Irish voters give their reasons for voting No or Yes for the Lisbon treaty

Governments in the European Union are exploring what to do after the Ireland's rejection of the Lisbon Treaty to reform the expanded EU.

France and Germany have described the "No" vote as a serious blow but urged the EU to press ahead with the project.

French President Nicolas Sarkozy said ratifications must carry on so that the Irish vote did not "become a crisis".

But Czech President Vaclav Klaus said the treaty was finished, since any further ratification was impossible.

His is a lone voice among EU leaders, but his views will probably resonate with many European voters who did not get a say in a referendum, says the BBC's Oana Lungescu in Brussels.

The third failed referendum on an EU treaty in three years can only be seen as a serious blow to the EU's credibility at home and abroad, our correspondent adds.

'Take their course'

Voters in the Irish Republic rejected the Lisbon treaty in a vote by 53.4% to 46.6%.

At the end of the day, for a myriad of reasons, the people have spoken
Dermot Ahern, Justice Minister

The 27-nation EU requires all its members to ratify the treaty but only Ireland has held a public vote.

A referendum was mandatory in the Republic as the country would need to change its constitution to accommodate the treaty.

The European Commission says nations should continue to ratify the treaty, designed to streamline decision-making.

European Commission President Jose Manuel Barroso said that Ireland remained "committed to a strong Europe".

"Ratifications should continue to take their course," he added.

British Foreign Secretary David Miliband said the UK would press on with its ratification.

Lisbon is supposed to replace the European constitution, which was rejected by French and Dutch voters three years ago.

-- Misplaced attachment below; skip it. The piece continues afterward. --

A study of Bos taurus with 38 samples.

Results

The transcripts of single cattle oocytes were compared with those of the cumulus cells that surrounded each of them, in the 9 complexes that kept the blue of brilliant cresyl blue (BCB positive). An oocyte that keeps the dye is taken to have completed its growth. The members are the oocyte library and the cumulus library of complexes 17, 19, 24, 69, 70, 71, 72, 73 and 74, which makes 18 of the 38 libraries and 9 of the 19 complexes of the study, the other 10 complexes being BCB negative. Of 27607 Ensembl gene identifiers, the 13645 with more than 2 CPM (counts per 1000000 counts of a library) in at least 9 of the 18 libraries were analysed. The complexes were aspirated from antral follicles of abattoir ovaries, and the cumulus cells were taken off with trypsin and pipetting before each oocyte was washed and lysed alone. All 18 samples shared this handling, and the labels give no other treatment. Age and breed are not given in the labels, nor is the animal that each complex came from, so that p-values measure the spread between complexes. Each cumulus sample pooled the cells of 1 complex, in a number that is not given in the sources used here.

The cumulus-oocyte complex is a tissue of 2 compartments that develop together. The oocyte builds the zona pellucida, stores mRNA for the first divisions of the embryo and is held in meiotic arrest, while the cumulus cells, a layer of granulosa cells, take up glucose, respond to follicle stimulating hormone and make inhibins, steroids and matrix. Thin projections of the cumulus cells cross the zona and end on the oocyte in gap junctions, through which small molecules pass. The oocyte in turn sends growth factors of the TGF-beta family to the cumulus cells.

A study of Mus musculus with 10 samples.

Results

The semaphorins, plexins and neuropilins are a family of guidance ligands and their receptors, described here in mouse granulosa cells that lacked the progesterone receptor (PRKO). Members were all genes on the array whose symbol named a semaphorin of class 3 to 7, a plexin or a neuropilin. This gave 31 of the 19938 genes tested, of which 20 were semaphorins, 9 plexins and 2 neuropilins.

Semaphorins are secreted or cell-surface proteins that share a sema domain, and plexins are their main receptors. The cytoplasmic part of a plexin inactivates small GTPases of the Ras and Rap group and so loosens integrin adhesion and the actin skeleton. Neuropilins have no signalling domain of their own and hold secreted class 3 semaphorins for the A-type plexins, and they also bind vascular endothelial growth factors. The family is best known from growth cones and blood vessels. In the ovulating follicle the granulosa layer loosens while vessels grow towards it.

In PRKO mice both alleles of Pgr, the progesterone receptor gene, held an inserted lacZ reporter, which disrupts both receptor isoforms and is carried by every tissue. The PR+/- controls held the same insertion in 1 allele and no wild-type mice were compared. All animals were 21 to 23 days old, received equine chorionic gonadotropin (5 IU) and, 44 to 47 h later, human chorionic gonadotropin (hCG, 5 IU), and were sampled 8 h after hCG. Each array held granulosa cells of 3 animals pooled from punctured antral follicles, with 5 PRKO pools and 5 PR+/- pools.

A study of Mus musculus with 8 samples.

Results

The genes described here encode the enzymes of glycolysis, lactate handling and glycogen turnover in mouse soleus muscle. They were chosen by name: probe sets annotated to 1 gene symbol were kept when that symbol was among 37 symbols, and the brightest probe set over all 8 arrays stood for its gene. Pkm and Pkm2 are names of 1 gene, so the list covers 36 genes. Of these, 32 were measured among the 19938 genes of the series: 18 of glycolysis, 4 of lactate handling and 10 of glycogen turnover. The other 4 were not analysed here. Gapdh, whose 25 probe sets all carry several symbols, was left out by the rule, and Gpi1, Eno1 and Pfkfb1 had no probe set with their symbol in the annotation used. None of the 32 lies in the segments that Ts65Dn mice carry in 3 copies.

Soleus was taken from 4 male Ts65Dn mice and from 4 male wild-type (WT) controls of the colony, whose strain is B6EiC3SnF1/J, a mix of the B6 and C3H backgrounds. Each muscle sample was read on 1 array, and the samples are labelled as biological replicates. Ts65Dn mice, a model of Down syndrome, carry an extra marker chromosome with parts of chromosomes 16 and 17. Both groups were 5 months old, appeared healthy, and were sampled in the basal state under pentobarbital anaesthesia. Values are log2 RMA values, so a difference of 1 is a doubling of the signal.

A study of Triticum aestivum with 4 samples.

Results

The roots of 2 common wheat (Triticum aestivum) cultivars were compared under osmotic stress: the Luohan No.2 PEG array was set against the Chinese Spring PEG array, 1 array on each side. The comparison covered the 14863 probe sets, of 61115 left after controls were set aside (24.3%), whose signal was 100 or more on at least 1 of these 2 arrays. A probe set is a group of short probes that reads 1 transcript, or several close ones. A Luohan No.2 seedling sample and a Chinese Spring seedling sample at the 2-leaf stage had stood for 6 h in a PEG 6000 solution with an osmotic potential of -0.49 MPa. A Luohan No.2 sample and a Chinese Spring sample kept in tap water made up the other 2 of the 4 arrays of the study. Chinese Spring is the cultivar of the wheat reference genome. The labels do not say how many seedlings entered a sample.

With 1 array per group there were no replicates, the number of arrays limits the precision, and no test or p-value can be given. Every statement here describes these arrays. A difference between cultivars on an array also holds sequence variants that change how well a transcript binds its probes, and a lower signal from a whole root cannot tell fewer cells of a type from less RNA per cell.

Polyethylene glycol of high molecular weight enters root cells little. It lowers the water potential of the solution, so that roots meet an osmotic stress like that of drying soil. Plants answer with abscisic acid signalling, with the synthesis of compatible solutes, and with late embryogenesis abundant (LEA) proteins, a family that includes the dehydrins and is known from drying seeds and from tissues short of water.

The treaty, which is designed to help the EU cope with its expansion into eastern Europe, provides for a streamlining of the European Commission, the removal of the national veto in more policy areas, a new president of the European Council and a strengthened foreign affairs post.

It is due to come into force on 1 January, 2009.

Fourteen countries out of the 27 have completed ratification so far.

Long weekend

European governments will spend the weekend trying to chart a way forward for the EU, the BBC's Jonny Dymond reports from Dublin.

European Commission head Jose Manuel Barroso
EU leaders appear to be in for a weekend of deep reflection

Ireland has thrown a spanner deep into the EU's machinery and Europe's leaders have just a few days before they meet for their summer summit in Brussels, to come up with some credible ideas as to how to move forward.

The most obvious course of action might be to tinker with Treaty and then ask Ireland to vote again.

But Thursday's "No" vote was more than the usual anti-European suspects, our correspondent says.

The No campaign successfully increased its vote in the Irish Republic and asking a population to vote again is a trick you can only pull so many times.

The weekend will be a period of deep reflection for many governments across the EU, our correspondent says.